Test your knowledge of flowers. Click on the name of the flower from the multiple-choice list. A new flower will be shown a few seconds after each click.
Flowering plants emerged in the Cretaceous Period approximately 125 million years ago during the time of the dinosaurs. Flowers are the reproductive organs of plants (angiosperms). Most flowers have both male and female organs. The female part is the pistil which is usually located in the center of the flower and is made up of the stigma, style and ovary. The stigma is the sticky end at the top of the pistil. The style is a tubelike structure that connects the stigma to the ovary containing female egg cells called ovules.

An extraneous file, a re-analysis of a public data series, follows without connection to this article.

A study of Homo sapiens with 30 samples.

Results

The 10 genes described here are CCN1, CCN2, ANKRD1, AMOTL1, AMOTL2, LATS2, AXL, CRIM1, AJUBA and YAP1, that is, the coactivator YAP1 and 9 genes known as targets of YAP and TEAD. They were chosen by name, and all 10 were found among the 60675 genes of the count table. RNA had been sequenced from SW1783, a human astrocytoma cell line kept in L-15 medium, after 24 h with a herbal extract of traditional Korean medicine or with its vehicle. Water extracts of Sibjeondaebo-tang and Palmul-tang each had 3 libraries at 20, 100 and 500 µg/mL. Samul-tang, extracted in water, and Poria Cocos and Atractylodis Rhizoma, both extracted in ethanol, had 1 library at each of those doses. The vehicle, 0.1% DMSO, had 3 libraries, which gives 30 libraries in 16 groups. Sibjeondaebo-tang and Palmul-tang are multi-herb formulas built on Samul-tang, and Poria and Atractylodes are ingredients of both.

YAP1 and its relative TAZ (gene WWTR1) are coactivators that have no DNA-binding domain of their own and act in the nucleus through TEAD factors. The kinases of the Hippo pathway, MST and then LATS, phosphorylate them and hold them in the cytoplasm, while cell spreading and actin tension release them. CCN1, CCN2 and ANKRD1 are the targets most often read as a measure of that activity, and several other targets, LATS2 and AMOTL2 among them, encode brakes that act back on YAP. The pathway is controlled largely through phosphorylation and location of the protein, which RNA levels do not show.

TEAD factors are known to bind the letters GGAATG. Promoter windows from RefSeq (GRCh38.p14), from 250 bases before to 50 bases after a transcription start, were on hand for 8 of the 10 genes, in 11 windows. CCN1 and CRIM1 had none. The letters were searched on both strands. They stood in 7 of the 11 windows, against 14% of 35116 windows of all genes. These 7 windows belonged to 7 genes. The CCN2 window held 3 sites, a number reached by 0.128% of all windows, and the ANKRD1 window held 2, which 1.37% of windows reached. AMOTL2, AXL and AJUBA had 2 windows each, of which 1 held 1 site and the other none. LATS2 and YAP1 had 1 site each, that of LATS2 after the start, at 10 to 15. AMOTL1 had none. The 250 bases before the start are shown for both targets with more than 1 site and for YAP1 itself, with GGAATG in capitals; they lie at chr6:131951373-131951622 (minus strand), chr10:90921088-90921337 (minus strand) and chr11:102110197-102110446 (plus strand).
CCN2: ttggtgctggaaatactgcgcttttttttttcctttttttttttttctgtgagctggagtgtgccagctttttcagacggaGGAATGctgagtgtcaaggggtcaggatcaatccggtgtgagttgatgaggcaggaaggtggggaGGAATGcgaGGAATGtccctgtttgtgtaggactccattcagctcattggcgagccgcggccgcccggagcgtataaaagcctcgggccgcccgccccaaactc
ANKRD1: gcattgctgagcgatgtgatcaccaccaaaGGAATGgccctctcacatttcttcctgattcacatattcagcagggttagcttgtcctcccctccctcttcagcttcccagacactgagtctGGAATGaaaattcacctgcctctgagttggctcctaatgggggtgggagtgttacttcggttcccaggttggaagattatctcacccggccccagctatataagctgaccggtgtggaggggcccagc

The male parts of the flower are called stamens and usually surround the pistil. A stamen is made up of an anther that produces pollen and a filament that supports the anther. The pollen contains the male reproductive cells of the plant. Fertilization occurs when pollen lands on the stigma and travels down to the ovary to combine with the ovules. Each fertilized ovule becomes a seed, and the ovary generally develops into a fruit.
The leaf-like sepals protect the developing bud of the flower until the petals open. Flowers announce their presence through their bright colors and by releasing aromas that attract pollinators (animals that carry pollen between the flowers). The shape of the flowers also determines which pollinators can get access to the nectar that collects at the base of the flowers. The most common pollinators are bees, butterflies, birds and bats.